The drag crisis is associated with a transition from laminar to turbulent boundary layer flow adjacent to the object.

While, the Wikipedia article on Turbulence states:

In general terms, in turbulent flow, unsteady vortices of many sizes appear which interact with each other; consequently, drag due to friction effects increases.

If drag (due to friction effects) increases due to turbulence, then why does drag crisis occur when flow shifts from laminar to turbulent? Shouldn't drag be less for laminar as compared to turbulent flow? Why else would surfaces smoothen due to drag over time?

The Wikipedia article on Drag Crisis also goes on to say:

For cylindrical structures, this transition is associated with a transition from well-organized vortex shedding to randomized shedding behavior for super-critical Reynolds numbers, eventually returning to well-organized shedding at a higher Reynolds number with a return to elevated drag force coefficients.

I am having trouble understanding this.


A related question, Drag Crisis and Terminal Velocity?, examines the relationship between drag coefficient and terminal velocity.

    – D. Halsey
    Commented May 16, 2023 at 14:00


But, for a non-profiled object, most of the drag is form drag: the boundary layer separate and the pressure in the wake is much lower than the pressure in front of the object.

In the case of a turbulent boundary layer, the separation of the boundary layer is delayed by more efficient exchanges with the main flow. As a result, the wake behind the object is narrower and the area where the flow looks like a perfect flow is larger.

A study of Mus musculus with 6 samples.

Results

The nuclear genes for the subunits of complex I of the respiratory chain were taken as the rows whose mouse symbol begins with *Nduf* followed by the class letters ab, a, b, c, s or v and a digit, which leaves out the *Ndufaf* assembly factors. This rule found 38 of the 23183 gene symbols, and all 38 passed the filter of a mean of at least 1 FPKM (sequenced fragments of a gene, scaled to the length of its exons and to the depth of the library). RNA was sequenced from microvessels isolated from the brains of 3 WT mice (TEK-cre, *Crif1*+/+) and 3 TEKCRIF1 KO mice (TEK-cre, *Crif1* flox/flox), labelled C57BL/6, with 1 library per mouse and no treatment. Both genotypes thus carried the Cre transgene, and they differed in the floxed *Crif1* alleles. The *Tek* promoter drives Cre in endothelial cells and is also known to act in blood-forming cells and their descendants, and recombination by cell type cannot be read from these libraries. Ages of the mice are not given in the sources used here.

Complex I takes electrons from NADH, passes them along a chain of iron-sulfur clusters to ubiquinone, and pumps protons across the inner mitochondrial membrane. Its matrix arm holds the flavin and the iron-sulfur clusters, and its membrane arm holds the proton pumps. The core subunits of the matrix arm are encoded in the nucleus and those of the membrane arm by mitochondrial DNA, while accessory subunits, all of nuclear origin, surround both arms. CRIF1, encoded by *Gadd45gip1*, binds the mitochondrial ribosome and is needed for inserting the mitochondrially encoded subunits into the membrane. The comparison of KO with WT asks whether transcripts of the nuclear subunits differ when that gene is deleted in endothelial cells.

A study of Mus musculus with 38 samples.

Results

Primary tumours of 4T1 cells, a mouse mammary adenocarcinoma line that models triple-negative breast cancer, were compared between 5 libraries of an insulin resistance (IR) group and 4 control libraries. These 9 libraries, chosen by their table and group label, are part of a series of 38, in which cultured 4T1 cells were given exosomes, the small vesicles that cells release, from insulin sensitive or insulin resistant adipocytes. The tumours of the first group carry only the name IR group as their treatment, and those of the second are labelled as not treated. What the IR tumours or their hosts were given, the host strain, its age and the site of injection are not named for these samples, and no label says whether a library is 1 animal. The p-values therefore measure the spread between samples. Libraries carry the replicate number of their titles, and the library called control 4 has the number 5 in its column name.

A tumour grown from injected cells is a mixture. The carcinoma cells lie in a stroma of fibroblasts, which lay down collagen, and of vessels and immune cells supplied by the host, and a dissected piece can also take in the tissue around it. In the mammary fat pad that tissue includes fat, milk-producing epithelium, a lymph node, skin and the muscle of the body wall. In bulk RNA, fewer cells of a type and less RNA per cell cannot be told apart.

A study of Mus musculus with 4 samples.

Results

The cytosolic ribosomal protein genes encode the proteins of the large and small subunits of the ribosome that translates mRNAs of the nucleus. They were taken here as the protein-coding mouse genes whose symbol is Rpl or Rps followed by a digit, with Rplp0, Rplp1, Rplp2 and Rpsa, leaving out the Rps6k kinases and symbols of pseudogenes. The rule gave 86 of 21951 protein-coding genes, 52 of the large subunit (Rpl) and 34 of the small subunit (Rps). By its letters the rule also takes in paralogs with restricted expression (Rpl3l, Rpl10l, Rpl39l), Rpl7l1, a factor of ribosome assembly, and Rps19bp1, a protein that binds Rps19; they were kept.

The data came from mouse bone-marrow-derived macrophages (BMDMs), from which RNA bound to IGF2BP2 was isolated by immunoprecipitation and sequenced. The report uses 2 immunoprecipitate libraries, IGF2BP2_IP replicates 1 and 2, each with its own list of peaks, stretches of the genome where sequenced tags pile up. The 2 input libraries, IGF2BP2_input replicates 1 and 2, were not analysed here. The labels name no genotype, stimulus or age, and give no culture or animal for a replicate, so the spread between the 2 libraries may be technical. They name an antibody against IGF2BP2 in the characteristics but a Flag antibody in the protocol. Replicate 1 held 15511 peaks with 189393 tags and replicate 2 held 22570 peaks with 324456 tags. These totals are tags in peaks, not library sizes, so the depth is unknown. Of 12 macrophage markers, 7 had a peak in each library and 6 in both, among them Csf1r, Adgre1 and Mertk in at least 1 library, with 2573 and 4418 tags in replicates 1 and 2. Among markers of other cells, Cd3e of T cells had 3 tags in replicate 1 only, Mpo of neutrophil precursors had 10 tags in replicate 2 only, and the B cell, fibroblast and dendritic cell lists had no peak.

By exaggerating a little, we can say that we are approaching the situation described by d'Alembert's paradox : no drag for a perfect flow.

Hope it can help and sorry for my poor english.


The drag crisis is associated with a transition from laminar to turbulent boundary layer flow adjacent to the object. For cylindrical structures, this transition is associated with a transition from well-organized vortex shedding to randomized shedding behavior for super-critical Reynolds numbers, eventually returning to well-organized shedding at a higher Reynolds number with a return to elevated drag force coefficients.

I understand it like this. Vortex shedding frequency depends on Reynolds number, like this :

$$ f_{shedding}(\text{Re}) = \frac {\text{St} \cdot \text{Re} \cdot \nu}{L^2} \tag 1$$

Where $\text{St}$ is Strouhal number, $\nu$ - kinematic viscosity, and $L$ characteristic linear dimension.

For very high vortex shedding frequencies (high $Re$ numbers), flow approaches laminar behavior.

It's like imagine you are going with jeep in a "bumpy" off-road at low speeds, so you feel every pit and clod in the road, but when your driving speed increases sharply, then you feel less jittering in amplitude.